Flint and thatch... sparkling rivers and broads, rolling fields and meadows, Norfolk is far from flat... popular seaside resorts and harbours - and rich in local colour and dialect.

Here’s the first selection of Norfolk words – taking us from A to D – and arter you’ve mastered that we’ll cut along t’ the next selection.

So, come yew on, tergether, an’ make a start, an’ yew shoulda finished by dockeytime!


Dialect word(s) Meaning
Accordin-lie Accordingly: “Uhcordin-lie ter him”. With emphasis on ‘lie’.
Acrorst Across: “I wet acrorst the rud to the busstop.”
Afore Before: “Afore yew go, ole paartner, less hevva drink.”
Afreard Afraid: “My dawg wuz hoolly afreard o’' the dark, he wuz.”
Agin Again, once more, or against: “Thass cold agin, ent ut?”
Alonga me With me: “Dew yew come alonga me!”
Allus Always: “I allus cycle to wark.”
An’orl And all, hence: “An’ yisterday wuz wet, an’orl.”
Arly Early: “Heh’yuh got yar arly tearters in yit?”
Ar(t)er After: the ‘t’ is barely pronounced, at the back of the throat, more like: “ar-uh”
Arternune Afternoon: similar pronunciation to ‘arter’.
Atwin Between: “Atwin me, yew an’ the geartepust...!”

To ask: “If yew watta cuppa, yew hatta ax proper fur it.’’

Axed Asked: “Hev yew gotta loight, bor?” he axed.


Dialect word(s) Meaning
Backus Scullery or out-house.
Badly Poorly, or in ill health: “I fare badly terday, I dew, an’orl!”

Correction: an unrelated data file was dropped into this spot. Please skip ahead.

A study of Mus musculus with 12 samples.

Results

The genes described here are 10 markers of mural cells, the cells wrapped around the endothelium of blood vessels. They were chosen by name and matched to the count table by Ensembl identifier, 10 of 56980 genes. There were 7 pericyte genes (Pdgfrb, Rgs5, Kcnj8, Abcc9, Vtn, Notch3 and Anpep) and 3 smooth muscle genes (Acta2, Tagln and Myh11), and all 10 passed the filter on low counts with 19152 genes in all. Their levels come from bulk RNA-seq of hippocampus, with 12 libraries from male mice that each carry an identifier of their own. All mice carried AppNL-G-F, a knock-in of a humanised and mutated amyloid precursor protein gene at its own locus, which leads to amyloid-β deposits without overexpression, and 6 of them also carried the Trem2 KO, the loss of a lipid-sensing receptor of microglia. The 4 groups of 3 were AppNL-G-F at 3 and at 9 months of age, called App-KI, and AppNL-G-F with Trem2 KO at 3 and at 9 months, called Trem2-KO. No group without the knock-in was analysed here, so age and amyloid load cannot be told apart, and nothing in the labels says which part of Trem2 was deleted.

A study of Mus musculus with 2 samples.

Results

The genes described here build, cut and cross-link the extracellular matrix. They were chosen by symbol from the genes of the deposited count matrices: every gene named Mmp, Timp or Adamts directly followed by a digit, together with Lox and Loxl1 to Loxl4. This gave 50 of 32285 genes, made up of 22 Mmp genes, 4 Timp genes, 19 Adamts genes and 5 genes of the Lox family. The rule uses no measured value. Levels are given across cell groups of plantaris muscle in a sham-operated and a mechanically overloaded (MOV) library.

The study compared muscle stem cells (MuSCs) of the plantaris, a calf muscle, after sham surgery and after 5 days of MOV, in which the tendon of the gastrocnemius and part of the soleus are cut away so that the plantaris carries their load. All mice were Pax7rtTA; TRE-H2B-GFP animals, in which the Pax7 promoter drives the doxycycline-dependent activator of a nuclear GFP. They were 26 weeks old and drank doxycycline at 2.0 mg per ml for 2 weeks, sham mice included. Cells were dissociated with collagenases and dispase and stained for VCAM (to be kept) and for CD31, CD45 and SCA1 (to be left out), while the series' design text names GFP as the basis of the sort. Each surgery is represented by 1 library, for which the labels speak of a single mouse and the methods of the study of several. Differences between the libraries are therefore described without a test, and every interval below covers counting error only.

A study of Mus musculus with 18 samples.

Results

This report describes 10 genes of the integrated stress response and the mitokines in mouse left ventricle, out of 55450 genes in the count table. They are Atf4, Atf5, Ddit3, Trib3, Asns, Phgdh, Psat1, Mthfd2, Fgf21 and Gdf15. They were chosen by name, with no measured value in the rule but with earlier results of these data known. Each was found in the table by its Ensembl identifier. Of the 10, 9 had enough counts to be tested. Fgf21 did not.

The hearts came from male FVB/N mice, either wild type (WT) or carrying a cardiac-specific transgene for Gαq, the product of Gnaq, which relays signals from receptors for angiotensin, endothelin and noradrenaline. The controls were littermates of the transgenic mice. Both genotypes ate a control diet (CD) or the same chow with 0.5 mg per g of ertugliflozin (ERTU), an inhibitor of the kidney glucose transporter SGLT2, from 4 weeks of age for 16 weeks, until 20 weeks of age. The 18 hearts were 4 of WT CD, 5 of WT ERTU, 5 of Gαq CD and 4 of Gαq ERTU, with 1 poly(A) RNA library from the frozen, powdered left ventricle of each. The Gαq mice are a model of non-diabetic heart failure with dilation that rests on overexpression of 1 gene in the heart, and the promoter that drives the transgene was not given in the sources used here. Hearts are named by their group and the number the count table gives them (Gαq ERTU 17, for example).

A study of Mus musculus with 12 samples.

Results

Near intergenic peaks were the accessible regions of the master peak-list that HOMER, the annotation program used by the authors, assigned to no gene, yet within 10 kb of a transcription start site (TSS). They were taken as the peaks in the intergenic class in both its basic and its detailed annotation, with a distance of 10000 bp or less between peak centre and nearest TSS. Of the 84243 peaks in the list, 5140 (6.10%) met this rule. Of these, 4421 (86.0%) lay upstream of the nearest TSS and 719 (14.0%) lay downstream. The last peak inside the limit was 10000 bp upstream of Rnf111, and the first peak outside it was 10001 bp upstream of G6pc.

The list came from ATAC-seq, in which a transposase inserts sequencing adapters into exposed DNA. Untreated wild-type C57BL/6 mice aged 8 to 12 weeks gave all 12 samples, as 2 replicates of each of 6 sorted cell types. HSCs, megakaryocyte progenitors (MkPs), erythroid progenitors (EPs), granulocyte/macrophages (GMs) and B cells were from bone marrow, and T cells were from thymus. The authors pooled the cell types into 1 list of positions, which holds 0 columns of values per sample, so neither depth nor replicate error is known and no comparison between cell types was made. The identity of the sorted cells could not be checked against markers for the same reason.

Barney A quarrel, or falling out: “I hed a roight ole barney wi’ him nex' dor, I did.”
Beck A small stream: Beeston beck.
Bein’as Because of: “Bein’as th’ trearn dint come, I wuz learte hoome.”
Bishy-barney-bee A ladybird.
Blar Cry, or weep: “Stop yar blarin’, dew yew’ll mearke me blar an’orl”.
Blunder To fall over: “I hoolly blundered over in the rud, I did!”
Bolt Eat food too quickly, to ‘wolf’ it down without chewing.
Bop To duck down, lower one’s head to avoid being seen.
Bor Norfolk way to address males: “Hello, Bor, how’re yer gorn on, tergether?”.
Botty Fussy, particular: “She wuz a botty little mawther.”
Brawk To belch loudly after meals!
Burr Haze around the Moon.


Dialect word(s) Meaning
Caution Amazing or surprising news: “Well, ent that a caution – City won agin!”
Chimley Chimney: “Mollie Windley she smook loike a chimley...”
Claggy Moist or sticky.
Clam up Go quiet, shut up: “When I arrived, she hoolly clammed up!”
Clever Handsome or dexterous: “Thass a clever little gearte yew’re med, bor!”
Clip A quick cuff of the hand: “My Maw dint harf clip my lug.”
Clout A heavier blow: “I gev my thumb a clout with the hammer and it dint harf smart!”
Cobbles Round beach pebbles used for paving and building.
Cop To get caught out: “You’ll hoolly cop it when yew git home.”
Coshies, cushies Sweets: “Here’s thruppence fur some coshies, Albie.”
Crowd To push in: “Give me room – dunt yew crowd me so.”
Cuckoo Cocoa: “I like corfee, but my wife likes cuckoo afore bed.”


Dialect word(s) Meaning
Dast, dust Dare: “I dast yew to climb that there tree.”
Dassent, dussent Dare not: “No, I dussent do that, do I do, I might blunder down!”
Dawg Dog: “Clear yew orf, dew I’ll set my dawg onya!”
Dew A social occasion.
Dickey Donkey: “Heh yar fa’r got a dickey, bor?”
Ding A sharp blow, a cuff: “Mother dint harf ding my lug!”
Dint Didn’t, did not: “I dint dew that...”
Dockey A labourer’s dinner, kept in a dockey bag.
Dudder Shiver, to ‘dudder’ with cold: “I’m all on a-dudder!”
Dutty, datty Dirty, grubby: “Wipe yar dutty feet afore yew come inta my clean scull’ry!”
Duzzy Silly, stupid: “Yew duzzy waarmin, yew.”

How did you get on? Are you ready for some more, if so click the link to
E–H and do you get started!

Lost in Translation; read about the Norfolk Schools Dialect Project.